Rosso Fiorentino

Madonna and Child, St. John the Baptist, St. Elizabeth and St. Joseph

Artist
Giovanni Battista di Jacopo di Gasparre called Rosso Fiorentino
( Florence, 1494 - Paris, 1540 )

Details
Oil on panel 92x71.8 cm Approved by : Keith Christiansen, Curator, European Painting, Metropolitan Museum of Art ; Everett Fahy, Sir John Pope-Hennesy Director of European Painting, Metropolitan Museum of Art ; Larry Feinberg, Curator, Oberlin College, Allen Memorial Art Museum Sydney J. Freedberg, Chief Curator Emeritus, The National Gallery of Art, Washington D.C. ; Larry Kanter, Curator, Robert Lehmann Collection, Metropolitan Museum of Art ; Sir John Pope-Hennessy, former Director, European Painting, Metropolitan Museum of Art ; Carlo Volpe, late Professor, University of Bologna.

Provenance
Possibly the work donated by Sister Lucrezia Barducci (d. 1574) to The Barducci Chapel, Santa Felicita, Florence during her lifetime ; This was moved from the chapel to the convent and was recorded as still in Santa Felicita in 1761 ; Sold by 1828.

Literature
E. Camesasca, “Dipinti manieristi in collezioni fiorentine” Il Vasari, Vol XXI, no. 2-3, July-Sept. 1963, p. 91, pl. XLVI ; F. Fiorelli Malesci, La Chiesa di Santa Felicita a Firenze, Florence, 1986, p. 159, 298.

This work could well be the Rosso Fiorentino Virgin and Child referred to in a document of 21 March 1573 (Florentine style, thus 1574) recording the death of Sister Lucrezia Barducci. It states the work was given by her to the Barducci Chapel, Santa Felicita, many years before. Although the work has not been included in the major studies of the artist in recent years, it represents an invaluable opportunity to show the stylistic similarities and characteristics it shares with other works executed at an early stage in the artist’s career. The detailed comparisons with works such the Assumption of the Virgin and Madonna and Child with St. John, show unequivocally the hand of Rosso in his very early years in Florence.

Even if Rosso was perhaps not a formal apprentice in the del Sarto studio and was self-taught as Vasari implies, he was aware that this was the most innovative workshop in Florence, and there are many references to the master’s work in those pictures that are accepted to be Rosso’s from early in the second decade of the century. Pictures like the Madonna and Child with St. John in the Städelsches Kunstinstitut, Frankfurt-am-Main (fig. 1), show how he shakes up the relative symmetry of Sarto’s figures, with tremendously engaging children whom one forgives for their naughtiness. The Frankfurt painting can be seen as a reaction to the Andrea del Sarto composition Madonna and Child with the Infant St. John the Baptist (fig. 2), especially in colouring and in the pose of the St. John, and so must date slightly later from around 1514. Rosso was among those followers of Andrea del Sarto who had access to the cartoon for the Madonna and Child with the Infant St. John the Baptist. The imaginative way he used the design (in the work exhibited at Colnaghi’s in 1983, Discoveries from the Cinquecento) included adding a couple of cupids on either side of the Madonna.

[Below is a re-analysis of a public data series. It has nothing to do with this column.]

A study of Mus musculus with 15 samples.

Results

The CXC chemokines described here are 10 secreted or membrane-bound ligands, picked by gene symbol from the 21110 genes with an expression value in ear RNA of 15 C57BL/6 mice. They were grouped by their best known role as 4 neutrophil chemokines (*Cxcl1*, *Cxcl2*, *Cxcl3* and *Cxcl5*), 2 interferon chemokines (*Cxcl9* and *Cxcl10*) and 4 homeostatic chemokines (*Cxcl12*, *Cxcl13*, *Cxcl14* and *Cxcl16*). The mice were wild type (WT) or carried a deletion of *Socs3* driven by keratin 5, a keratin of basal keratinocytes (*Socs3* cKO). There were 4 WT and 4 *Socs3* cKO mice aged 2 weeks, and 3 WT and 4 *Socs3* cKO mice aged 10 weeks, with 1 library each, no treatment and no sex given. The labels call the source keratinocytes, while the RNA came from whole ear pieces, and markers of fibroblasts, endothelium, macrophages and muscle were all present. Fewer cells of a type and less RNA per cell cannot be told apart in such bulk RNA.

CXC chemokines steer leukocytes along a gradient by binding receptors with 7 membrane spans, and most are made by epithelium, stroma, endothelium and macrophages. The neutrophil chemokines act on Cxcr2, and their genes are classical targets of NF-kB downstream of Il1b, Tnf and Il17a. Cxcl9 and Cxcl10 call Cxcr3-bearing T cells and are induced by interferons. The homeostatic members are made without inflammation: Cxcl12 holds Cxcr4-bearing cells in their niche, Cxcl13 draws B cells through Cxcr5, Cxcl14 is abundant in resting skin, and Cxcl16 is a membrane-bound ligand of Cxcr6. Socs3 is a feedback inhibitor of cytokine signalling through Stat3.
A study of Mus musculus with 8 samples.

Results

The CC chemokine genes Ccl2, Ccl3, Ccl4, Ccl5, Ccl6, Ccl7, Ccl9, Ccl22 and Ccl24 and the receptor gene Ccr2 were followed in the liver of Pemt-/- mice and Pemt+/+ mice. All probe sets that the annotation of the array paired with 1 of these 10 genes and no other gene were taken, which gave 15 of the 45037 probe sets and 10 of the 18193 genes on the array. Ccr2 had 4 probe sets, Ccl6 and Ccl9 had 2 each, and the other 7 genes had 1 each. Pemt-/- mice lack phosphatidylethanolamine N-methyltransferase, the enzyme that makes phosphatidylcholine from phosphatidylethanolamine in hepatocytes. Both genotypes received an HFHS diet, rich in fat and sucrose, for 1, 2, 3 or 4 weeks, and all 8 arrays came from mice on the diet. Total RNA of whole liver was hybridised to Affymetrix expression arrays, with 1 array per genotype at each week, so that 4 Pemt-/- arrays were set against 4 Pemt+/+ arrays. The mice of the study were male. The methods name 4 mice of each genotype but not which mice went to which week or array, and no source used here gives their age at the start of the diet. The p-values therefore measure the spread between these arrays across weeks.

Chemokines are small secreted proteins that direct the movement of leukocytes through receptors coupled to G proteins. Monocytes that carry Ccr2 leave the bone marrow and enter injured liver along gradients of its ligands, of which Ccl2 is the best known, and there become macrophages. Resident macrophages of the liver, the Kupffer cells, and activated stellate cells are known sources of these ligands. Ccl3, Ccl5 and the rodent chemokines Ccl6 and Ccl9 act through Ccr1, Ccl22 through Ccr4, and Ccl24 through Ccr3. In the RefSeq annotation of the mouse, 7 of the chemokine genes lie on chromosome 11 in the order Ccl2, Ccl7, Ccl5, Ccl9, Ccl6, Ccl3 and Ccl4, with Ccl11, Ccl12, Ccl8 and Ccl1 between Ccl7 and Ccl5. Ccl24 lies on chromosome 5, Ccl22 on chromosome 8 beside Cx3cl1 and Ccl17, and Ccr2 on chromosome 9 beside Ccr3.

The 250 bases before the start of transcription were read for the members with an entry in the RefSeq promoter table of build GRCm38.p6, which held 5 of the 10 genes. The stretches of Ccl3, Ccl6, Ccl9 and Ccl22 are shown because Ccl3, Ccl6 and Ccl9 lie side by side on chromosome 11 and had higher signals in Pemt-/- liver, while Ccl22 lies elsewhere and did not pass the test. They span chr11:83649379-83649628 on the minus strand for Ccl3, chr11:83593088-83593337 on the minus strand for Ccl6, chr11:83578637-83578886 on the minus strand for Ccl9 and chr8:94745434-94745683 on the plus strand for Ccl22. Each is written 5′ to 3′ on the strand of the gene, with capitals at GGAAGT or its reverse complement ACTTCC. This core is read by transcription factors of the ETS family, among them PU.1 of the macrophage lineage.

The present work is a fascinating example of Rosso’s early style when he came into the orbit of Andrea, and it must date among the earliest of his productions. The Christ Child is standing, as in the Frankfurt panel, while the artist uses the profile pose from the seated St. John in that design ; the added figures of St. Joseph and St. Elizabeth mean that there is that sense of crowding that Rosso often manages, as in the Uffizi altarpiece referred to above. There is a sense, in the kneeling St. John, that the concentration in the del Sarto workshop in obtaining the greatest variety in pose, and the ability to link all the figures together in a complicated rhythm, is a common Florentine ambition. As in the Frankfurt composition, these are challenging problems, especially when the artist is essentially relying on a great intuitive genius rather than many years of study of anatomy. This is the reason why features like the extended hand of the Christ Child is essentially repeated verbatim in the Uffizi altarpiece done for the hospitaller of Santa Maria Nuova, which was painted later in 1518. The hands and feet, too, are seen again in the other early works, understood with a growing familiarity of language. St. Joseph’s elongated fingers exhibit much of the eccentricity of Rosso, seen slightly later in works like the Madonna and Child with Four Saints, Uffizi, Florence (fig. 3). The hand and arm of St. John are posed exactly as that of the putto in the Hermitage Assumption of the Virgin (fig. 4), and the features and treatment of the hair of the two children seems to be without question the same hand ; as does the model of the Virgin correspond to those in both the Assumption and the Frankfurt panels. The design as a whole has echoes of the 1513 grisaille of Charity that del Sarto painted in the cloister of the Scalzo, as does the Pontormo Madonna and Child with the Infant St. John the Baptist (fig. 5), but the group of figures is naturally not so cohesive, and there are other stylistic ingredients, like the employment of the arms (of St. Joseph and the Madonna) to bracket the entire composition, which is the product of Rosso’s fertile imagination.